Question: Quantifying Phytonutrients using a Spectrometer, Possible?

zayas is asking a question about spectrometry

As of 2017 there are several consumer hand held Refractometers/Spectrometers/(Lasers) available working in conjunction with SmartPhones providing basic Brix Data that elude to taste/quality of fruit or vegetables....utilizing similar technology, would it be possible to extrapolate the approximate value of Phytonutrients in Fruit/Vegetables as well?

What reference data would be required to accurately acquire such data from said subject?

Would the initial reference data need to be acquired using standard lab techniques?


Maybe. It depends on the chromophores present, the assay method used, and a bunch of other factors. And that's before you talk about the instrument.

Refractometers are usually used to measure sugar ( often present in the % range). If you nutrients fall in this range, a refractometer is an option.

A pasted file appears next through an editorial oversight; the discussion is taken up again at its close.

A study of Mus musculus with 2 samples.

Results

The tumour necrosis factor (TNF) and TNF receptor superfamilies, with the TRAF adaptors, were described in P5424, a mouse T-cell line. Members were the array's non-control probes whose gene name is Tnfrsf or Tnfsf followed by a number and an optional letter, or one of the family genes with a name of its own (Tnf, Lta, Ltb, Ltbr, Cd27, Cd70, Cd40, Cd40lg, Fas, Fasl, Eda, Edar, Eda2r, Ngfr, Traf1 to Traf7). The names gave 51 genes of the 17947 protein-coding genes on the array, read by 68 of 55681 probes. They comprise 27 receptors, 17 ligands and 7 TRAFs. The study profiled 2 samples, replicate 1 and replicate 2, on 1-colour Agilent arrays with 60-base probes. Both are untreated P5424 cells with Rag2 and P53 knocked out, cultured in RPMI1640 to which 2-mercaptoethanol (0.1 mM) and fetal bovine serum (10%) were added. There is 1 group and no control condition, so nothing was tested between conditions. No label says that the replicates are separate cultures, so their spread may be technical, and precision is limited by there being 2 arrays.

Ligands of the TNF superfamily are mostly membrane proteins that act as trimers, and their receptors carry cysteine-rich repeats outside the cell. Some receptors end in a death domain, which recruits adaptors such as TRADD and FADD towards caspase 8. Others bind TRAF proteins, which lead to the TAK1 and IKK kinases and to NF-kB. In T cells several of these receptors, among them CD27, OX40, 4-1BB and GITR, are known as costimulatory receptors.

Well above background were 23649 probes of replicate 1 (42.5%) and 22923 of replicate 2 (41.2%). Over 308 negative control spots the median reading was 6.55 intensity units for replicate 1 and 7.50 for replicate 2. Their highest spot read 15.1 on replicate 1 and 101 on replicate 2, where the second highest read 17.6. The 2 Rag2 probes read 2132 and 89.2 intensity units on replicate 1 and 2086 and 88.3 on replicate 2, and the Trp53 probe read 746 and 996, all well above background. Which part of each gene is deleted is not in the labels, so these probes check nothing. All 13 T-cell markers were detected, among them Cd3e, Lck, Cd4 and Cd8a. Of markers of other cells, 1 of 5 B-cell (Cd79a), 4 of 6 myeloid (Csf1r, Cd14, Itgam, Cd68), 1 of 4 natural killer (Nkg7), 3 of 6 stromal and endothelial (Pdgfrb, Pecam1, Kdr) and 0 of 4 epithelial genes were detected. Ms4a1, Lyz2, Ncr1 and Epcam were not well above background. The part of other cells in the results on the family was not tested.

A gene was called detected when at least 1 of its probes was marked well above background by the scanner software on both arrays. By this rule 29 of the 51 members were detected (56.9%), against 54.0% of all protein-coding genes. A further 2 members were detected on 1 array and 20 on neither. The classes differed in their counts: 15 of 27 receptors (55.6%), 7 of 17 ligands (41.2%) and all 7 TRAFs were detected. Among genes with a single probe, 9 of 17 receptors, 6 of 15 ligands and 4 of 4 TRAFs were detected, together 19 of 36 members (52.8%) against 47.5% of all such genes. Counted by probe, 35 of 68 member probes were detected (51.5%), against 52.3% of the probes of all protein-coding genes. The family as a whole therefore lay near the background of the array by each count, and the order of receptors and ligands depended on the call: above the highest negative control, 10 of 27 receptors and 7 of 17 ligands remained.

It's not well known, but blood analyzers were basically single beam spectrometers, but with lots of bells and whistles added. Heck, maybe some still are.

Here is a device ( )we have considered using as it offers a self contained hand held unit suitable for consumers and businesses alike. Acquistion of the necessary Phytonutrient data points is the initial issue to properly calibrate the unit in question as well as its support IOS interface.

The device referenced has very mixed reviews on the internet. And it does seem pricey. As a suggestion, borrow or rent one first. Try it and see how it works for your application. Let everyone know what you find out.


Thank you for the article! As mentioned in my posting, BRIX has been a standard tool used in the field ( current Consumer/Business product in the market ) to determine the quality of produce grown through sugar content (generally associated more with taste), although what I seek is more specific and more relevant to the nutritional value and health benefits of the produce...acquisition of the actual Phytonutrient Values of said produce would be much more advantageous to both the farmer and consumer.